Unlike many other popular snack foods, popcorn nutrition is very high as long as you prepare it properly. As a matter of fact, popcorn is a whole grain. The U.S. Dept of Agriculture and the Dept. of Health and Human Services recommends that half of your daily grain intake be from whole grains. That’s because whole grains have been shown to reduce the risk of such conditions as high cholesterol, heart disease, diabetes, obesity and several types of cancer. Popcorn is a low glycemic carbohydrate, which means that it is released slowly in the blood making lower blood sugar levels.

Whole grains also are full of fiber which can rid the body of toxins and slow the digestive progress, making you feel fuller for longer periods of time so you eat less. The government recommendations for whole grains mean that you should eat no less than three servings of whole grains every day and popcorn is a great way to meet this requirement. Popcorn is a low-calorie snack as well with only 30 calories a cup if air popped. When popped using oil, there are 55 calories per cup, and if you should add a light amount of butter, popcorn would still only have between 90 and 120 calories in each cup.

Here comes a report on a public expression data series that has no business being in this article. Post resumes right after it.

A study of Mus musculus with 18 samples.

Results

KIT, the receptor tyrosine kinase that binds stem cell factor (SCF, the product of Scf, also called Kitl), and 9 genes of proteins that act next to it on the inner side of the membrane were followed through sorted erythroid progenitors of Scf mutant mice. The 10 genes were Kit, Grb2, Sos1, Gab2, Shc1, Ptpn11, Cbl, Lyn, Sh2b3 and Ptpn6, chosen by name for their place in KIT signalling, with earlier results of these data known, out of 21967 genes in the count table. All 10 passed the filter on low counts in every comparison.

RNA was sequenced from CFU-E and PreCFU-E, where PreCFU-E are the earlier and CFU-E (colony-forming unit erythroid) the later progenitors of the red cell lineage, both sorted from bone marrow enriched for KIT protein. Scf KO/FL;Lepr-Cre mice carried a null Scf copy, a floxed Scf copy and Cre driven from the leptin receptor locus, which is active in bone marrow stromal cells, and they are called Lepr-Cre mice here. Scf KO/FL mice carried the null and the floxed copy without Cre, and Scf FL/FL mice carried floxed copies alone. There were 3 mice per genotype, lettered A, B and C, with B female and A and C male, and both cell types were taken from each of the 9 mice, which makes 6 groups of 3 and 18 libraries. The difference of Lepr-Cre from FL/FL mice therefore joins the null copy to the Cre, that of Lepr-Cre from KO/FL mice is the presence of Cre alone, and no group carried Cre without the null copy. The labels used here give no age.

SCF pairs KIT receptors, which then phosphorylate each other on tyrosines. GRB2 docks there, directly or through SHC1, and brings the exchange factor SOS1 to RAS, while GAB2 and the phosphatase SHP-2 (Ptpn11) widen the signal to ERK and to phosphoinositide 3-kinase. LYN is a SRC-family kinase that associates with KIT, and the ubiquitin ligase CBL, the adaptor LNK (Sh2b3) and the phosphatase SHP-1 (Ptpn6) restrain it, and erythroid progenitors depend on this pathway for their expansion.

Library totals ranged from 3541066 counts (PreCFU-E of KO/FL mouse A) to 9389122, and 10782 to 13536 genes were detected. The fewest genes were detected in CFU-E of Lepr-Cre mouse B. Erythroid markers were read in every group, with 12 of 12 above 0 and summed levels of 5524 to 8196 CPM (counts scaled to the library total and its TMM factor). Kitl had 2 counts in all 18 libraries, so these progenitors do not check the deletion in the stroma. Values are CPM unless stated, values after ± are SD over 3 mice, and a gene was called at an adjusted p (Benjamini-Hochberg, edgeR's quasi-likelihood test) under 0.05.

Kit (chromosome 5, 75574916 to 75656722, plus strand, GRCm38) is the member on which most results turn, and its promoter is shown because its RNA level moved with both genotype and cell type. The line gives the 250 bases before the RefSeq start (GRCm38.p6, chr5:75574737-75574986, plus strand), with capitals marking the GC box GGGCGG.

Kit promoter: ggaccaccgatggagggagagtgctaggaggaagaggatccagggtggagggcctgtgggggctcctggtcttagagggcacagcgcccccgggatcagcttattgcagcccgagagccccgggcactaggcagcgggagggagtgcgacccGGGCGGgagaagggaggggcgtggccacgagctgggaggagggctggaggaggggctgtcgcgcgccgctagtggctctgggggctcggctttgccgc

The problem is that many people ruin popcorn nutrition by the way they prepare it or with the amount of butter and fat they add after it’s cooked. For instance, if you buy microwave popcorn and you pick the theater style or extra butter types, there will be on average 135 calories and 8-12 grams of fat in less than half a bag. It may also include saturated and trans fat which are the worst kinds when it comes to cholesterol and artery-clogging fats.

The popcorn that is made and sold in movie theaters can be the worst popcorn--nutrition-wise that you can buy.  Tests have shown that the smallest serving, usually around six cups has 20 grams of fat, and that large bucket sizes may have between 80 ands 130 grams of fat. Comparatively speaking, that amount of fat is equal to up to five hamburgers with cheese. So, if you are looking for healthy popcorn nutrition, stay away from these high-fat versions. Also stay away from adding an unnecessary amount of calories and simple sugars by getting candied popcorn, including those delicious kinds of caramel popcorn. Approximately three cups of caramel popcorn will provide you with 400 calories and too much sugar.

Popcorn is a popular American food--statistics show that Americans eat an amount of popcorn yearly equivalent to 59 quarts per person. One advantage of popcorn is that it is low-cost, so almost everyone can afford the nutritional benefits o this popular snack. Take note that popcorn is a choking risk and should not be given to infants and toddlers.

In addition to healthy carbs and fiber popcorn contains B-complex vitamins, potassium, phosphorus, iron, zinc, magnesium, copper, manganese, linoleic acid and other essential amino acids. Popcorn is recommended as a nutritious snack by the National Cancer Institute, the American Dental Association, and the American Dietetic Association.